Media Contact

Janna Farley,

April 6, 2022

The U.S. District Court in Casper will hear a case on Friday challenging Wyoming’s 24/7 Sobriety Program and its application in Teton County.

In the case Marx v. Hill et al, the ACLU of Wyoming represents Alfredo Guillermo Sanchez and David Christopher “Chris” Ball, previous program participants, and Sean Marx, a current participant in the program. All other pretrial participants of the program are also included in the lawsuit. The hearing will take place at 8:30 a.m., April 8, at the Ewing T. Kerr Federal Building at 111 S. Wolcott St., Caspar.

Originally created by a 2014 state law, Wyoming’s 24/7 Sobriety Program allows a judge to mandate a breathalyzer test twice a day, every day, for those awaiting trial on alcohol charges. The program was designed for repeat offenders of alcohol and drug related arrests, but in Teton County, it is also being used as a pretrial condition for first-time offenders following amendment of the law in 2019.

“Pretrial participants in Wyoming’s 24/7 Sobriety Program should be presumed innocent until proven guilty and are entitled to due process and meaningful hearings,” said Stephanie Amiotte, ACLU of Wyoming legal director. “Any law that allows the warrantless search of people without probable cause to believe they’ve committed a crime violates the Constitution and cannot stand. We hope the court will recognize that the 24/7 Program, as applied in Teton County, is a gross overreach of government power.”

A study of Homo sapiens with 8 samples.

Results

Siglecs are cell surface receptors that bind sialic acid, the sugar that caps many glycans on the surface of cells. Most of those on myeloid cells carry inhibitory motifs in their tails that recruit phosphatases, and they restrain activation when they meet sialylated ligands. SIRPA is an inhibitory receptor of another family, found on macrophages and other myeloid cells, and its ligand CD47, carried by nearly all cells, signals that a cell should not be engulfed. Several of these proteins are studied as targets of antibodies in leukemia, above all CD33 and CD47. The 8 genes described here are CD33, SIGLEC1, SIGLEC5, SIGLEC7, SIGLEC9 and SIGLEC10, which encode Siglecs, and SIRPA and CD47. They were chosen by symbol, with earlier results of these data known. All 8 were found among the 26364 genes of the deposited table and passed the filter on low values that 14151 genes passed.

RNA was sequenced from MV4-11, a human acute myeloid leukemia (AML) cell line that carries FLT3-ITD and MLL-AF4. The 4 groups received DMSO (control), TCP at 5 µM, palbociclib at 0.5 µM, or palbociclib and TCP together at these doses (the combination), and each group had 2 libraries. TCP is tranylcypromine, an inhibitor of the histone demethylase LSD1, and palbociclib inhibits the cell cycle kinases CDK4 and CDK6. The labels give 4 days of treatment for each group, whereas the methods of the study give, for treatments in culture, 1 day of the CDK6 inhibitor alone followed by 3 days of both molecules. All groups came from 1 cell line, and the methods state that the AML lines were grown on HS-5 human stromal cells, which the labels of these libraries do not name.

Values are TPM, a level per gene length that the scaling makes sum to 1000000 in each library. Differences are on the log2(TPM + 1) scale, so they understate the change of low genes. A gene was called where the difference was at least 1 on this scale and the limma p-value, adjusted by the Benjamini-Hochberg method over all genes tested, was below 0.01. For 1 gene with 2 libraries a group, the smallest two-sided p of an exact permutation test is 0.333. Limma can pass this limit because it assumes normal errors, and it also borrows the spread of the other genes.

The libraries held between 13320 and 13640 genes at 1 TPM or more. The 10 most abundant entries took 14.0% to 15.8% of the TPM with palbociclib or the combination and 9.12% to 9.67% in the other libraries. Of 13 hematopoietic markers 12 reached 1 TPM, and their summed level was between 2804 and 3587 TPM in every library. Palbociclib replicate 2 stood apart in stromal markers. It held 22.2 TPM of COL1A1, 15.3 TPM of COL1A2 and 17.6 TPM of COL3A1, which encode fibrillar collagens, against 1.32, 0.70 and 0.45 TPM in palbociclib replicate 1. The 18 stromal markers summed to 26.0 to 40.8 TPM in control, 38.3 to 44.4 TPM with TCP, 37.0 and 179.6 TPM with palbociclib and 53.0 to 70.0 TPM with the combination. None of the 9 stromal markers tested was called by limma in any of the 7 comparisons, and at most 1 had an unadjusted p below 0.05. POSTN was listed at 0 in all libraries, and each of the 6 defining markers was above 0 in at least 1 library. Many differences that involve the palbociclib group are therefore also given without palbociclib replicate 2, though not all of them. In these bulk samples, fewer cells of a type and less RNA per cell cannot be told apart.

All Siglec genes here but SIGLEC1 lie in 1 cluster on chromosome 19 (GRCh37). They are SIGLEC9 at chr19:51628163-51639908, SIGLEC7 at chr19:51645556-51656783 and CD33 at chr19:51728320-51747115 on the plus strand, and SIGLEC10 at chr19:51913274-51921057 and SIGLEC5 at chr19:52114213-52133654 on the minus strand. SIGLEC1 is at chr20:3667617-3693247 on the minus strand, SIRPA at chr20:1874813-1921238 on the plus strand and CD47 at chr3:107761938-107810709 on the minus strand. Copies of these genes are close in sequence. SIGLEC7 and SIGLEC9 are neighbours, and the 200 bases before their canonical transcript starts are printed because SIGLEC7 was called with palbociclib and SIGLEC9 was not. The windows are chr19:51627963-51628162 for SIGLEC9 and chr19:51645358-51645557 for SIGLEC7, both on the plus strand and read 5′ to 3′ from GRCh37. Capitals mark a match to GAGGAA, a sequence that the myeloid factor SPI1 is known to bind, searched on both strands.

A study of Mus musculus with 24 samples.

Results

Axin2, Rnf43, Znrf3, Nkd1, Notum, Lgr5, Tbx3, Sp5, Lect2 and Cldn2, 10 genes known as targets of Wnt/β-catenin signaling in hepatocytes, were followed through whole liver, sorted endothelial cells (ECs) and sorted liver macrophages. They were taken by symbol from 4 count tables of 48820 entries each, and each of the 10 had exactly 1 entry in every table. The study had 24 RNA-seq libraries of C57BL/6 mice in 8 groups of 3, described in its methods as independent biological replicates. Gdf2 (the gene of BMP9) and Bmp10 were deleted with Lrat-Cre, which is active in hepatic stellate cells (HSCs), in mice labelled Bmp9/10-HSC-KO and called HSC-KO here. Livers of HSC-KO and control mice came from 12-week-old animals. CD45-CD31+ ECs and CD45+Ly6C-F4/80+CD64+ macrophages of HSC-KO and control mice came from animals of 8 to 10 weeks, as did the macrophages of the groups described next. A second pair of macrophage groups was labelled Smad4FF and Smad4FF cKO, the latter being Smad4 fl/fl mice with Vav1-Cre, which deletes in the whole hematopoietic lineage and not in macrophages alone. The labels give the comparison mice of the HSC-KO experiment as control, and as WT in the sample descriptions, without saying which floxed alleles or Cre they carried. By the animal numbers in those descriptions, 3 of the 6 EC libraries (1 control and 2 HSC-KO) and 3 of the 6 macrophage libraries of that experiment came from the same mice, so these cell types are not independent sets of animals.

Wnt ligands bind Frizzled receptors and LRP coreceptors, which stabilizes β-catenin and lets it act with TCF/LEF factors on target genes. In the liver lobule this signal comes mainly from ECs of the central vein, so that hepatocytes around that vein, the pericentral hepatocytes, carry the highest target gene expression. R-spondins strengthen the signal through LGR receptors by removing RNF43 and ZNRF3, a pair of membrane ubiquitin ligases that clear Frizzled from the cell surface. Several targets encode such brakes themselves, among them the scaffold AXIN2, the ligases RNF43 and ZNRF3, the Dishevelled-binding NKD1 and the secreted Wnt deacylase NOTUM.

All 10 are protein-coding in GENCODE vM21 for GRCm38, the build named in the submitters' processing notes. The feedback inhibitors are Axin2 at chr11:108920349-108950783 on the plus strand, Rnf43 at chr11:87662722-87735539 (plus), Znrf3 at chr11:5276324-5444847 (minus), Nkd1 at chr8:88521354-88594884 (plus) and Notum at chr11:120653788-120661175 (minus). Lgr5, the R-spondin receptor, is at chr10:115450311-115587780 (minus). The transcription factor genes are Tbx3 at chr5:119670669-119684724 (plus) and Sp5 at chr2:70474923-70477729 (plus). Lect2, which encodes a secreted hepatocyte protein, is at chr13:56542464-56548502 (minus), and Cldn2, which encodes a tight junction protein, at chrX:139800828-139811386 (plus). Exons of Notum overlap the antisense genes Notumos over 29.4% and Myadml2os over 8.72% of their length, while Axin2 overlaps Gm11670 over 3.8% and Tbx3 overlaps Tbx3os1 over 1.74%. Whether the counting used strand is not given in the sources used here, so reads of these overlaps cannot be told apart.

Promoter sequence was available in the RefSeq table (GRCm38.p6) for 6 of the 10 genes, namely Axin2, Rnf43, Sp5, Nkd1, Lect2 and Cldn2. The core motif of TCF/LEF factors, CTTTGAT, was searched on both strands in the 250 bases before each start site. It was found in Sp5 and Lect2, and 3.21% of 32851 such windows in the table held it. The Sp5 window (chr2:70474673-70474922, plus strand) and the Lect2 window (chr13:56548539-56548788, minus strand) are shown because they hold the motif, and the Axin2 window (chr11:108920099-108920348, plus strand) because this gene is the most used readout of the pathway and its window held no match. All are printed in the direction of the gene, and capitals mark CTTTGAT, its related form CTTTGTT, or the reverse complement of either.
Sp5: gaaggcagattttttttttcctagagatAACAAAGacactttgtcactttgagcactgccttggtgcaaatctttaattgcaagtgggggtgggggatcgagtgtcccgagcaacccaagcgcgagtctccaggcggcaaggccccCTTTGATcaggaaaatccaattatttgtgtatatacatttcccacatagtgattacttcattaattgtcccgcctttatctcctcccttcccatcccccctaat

The case asserts that daily warrantless searches are constitutional violations when applied to people who haven’t yet been convicted of a crime. Specifically, the 24/7 program violates the Fourth, Eighth and Fourteenth Amendments of the Constitution. 

The program also violates due process because it authorizes a person’s arrest without a warrant for violation of the program without giving sufficient notice of the conduct that must be conformed to under the statute.  As a result, Campbell County and Fremont County sheriffs run their 24/7 programs differently from Teton County and arrest participants for being late by 1 minute or more to testing and hold participants for different lengths of time than Teton County. This is because the arrest statute is vague and gives arresting officers sole discretion in determining a violation depriving participants of their liberty without due process as required by the Fourteenth Amendment.

Because the 24/7 Sobriety Program goes beyond the constitutional limits that exist to protect the privacy and freedom of Wyoming citizens, the plaintiffs are asking the court to block the state from enforcing the two unconstitutional program statues and the program’s administrative rules related to pretrial participants.

The lawsuit was filed by the ACLU of Wyoming and Darold W. Killmer with Killmer, Lane & Newman, LLP, with support from Lauren McLane with the Defender Aid Clinic at the University of Wyoming College of Law. The ACLU’s complaint and other legal documents related to the case can be found here:

About the ACLU of Wyoming

The American Civil Liberties Union of Wyoming is a non-partisan, nonprofit organization dedicated to the preservation and enhancement of civil liberties and civil rights. The ACLU of Wyoming is part of a three-state chapter that also includes North Dakota and South Dakota. The team in Wyoming is supported by staff in those states.

The ACLU believes freedoms of press, speech, assembly, and religion, and the rights to due process, equal protection and privacy, are fundamental to a free people.  In addition, the ACLU seeks to advance constitutional protections for groups traditionally denied their rights, including people of color, women, and the LGBTQ communities. The ACLU of Wyoming carries out its work through selective litigation, lobbying at the state and local level, and through public education and awareness of what the Bill of Rights means for the people of Wyoming.